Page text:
1. Apr 22, 2007 #1
    1. The problem statement, all variables and given/known data
    It is possible to calculate the velocity of falling bodies (ignoring air resistance of course) using a gravitational acceleration constant.

    Assume:

    You don't know what the resistance is.
    The object started at rest.
    You DO know there is downwards motion.
    You don't know what the mass is.

    I am trying to get at an ending velocity for about 3-10 meters of accleration if that helps. Using that ending velocity, I can then easily calculate kinetic energy.

    If there is some other resistance, other than air, is it reasonable to simply reduce the acceleration by some amount to account for that resistance, if one is trying to get at a reasonable range for kinetic energy (in terms of the objects mass)?

    2. Relevant equations
    body at rest accleration and ending velocity:
    v^2=2ad
    ke=1/2mv^2

    3. The attempt at a solution
    This really simply requires a "reality" check to see if I am conceptually on track.

    I may have some follow questions depending on how things work out, if y'all don't mind. I am trying to make sure that my concepts of physics are straight, so I can explain some of these concepts to a couple of people who know much less than I do.
     
  2. jcsd
  3. Apr 22, 2007 #2
    yeah, mass don't matter... Potential energy? What is the formula?
     
  4. Apr 22, 2007 #3
    PE = mgy
    where m is the mass of an object, g is the acceleration due to gravity, and y is the distance the object is above some reference level.

    I am really trying to find energy in terms of the mass involved, because I can't even reasonably get to the mass, but the mass relative to the force required to stop the motion is important.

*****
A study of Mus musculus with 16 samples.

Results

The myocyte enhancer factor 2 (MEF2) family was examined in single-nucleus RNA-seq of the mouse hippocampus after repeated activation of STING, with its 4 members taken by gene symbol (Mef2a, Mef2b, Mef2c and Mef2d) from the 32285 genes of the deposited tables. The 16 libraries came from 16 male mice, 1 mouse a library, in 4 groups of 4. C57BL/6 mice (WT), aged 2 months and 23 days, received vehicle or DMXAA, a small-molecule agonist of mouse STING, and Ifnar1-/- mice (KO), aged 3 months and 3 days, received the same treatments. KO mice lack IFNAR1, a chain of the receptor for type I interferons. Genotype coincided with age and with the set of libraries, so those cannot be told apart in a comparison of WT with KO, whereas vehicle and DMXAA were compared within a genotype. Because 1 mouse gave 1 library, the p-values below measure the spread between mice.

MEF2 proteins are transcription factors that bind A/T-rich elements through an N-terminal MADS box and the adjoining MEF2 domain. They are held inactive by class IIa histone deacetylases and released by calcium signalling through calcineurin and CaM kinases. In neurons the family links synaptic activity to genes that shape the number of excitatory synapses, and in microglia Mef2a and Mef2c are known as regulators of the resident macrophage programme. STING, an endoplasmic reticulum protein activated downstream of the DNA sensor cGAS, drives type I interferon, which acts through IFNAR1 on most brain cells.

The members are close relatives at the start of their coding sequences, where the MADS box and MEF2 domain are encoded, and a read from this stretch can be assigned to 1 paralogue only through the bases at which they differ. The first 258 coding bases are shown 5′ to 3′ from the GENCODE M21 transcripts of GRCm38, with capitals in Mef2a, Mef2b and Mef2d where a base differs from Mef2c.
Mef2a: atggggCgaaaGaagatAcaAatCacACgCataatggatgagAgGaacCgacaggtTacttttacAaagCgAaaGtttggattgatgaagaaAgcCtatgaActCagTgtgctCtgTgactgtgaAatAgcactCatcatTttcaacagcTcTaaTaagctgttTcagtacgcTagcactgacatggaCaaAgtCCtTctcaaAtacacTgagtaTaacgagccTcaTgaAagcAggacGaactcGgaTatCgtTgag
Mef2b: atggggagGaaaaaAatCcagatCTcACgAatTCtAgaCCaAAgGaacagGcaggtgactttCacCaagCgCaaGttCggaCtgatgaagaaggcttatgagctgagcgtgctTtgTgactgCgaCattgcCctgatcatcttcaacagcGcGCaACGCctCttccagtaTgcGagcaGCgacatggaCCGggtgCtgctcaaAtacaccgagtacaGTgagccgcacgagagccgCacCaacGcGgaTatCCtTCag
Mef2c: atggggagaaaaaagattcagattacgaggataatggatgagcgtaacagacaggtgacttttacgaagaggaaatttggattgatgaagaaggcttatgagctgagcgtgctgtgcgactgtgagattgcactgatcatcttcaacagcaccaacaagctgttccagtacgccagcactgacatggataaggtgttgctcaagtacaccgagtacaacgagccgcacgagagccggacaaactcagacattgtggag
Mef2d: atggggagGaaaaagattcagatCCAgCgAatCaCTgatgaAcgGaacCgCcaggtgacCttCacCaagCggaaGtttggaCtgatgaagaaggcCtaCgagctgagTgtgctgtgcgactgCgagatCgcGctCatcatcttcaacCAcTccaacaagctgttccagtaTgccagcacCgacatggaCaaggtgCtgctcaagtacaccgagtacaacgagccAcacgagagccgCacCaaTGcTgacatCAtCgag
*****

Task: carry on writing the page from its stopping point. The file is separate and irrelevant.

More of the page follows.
Again, I am not even that far along in my work/explanation.

    They seem to be hung up on the fact that I simply reduced the acceleration over the distance to account for resistance.

    Given that a few of the variables are unknown and can't be known with certainty, is that bit reasonable, or am I missing a piece of the puzzle here?
     
  5. Apr 22, 2007 #4

    What is y and what does Potential energy equal to when the object is at a certain distance in motion? You know that you are going to end up with a one dimentional distance-acceleration forumula right? Rotate the picture from it being vertical to horizontal motion and think there was an initial force that caused an acceleration.
     
    Last edited: Apr 22, 2007
  6. Apr 22, 2007 #5
    that goes back to the kinetic energy equation.

    Would the ultimate height be irrelevant, if all one is doing is calculating the energy after 10 meters?

    I am thinking of an object at great height, but only considering the first 3 to 11 meters of its fall.

    I want to eventually get at a reasonable estimation of the force required to arrest the falling object (i.e. bring it to a complete stop) by catching it after it has been moving for a known distance but unknown acceleration.
     
  7. Apr 22, 2007 #6
    PE = mgy
    where m is the mass of an object, g is the acceleration due to gravity, and y is the distance the object is above some reference level

    But, I assume you are asking for a reason (thanks for helping, by the way), so let's go with this.

    PE=m(9.8 meters/sec/sec)(3 meters)

    or

    PE=m(29.4 (meters)(meters)/sec/sec))

    assuming that the distance was 11 meters

    PE=m(107.8 (meters)(meters)/sec/sec))
     
  8. Apr 22, 2007 #7
    Don't look at it as height, look at it as length, like when the object travels like in horizontal motion with force applied
     
  9. Apr 22, 2007 #8
    and at that same distance there is kinetic energy right? I wonder what happens to the mass:rolleyes:
     
  10. Apr 22, 2007 #9
    This is exactly the same as the calculations for an object in free fall by the way. :wink:

    I have done the calculations, but the people I am talking to don't really believe they apply in the case in discussion.

    They seem to think I am missing something and that the calculations are meaningless.
     
  11. Apr 22, 2007 #10
    who are you talking to? I think you have the right Idea, I also believe that its a free falling motion, hence the "g"
     
  12. Apr 22, 2007 #11
    I would rather not get into exactly what is being discussed and to whom. It is the kind of thing that can get touchy with people.

    Let's just say that I am talking to people with very little knowledge of physics and critical thinking.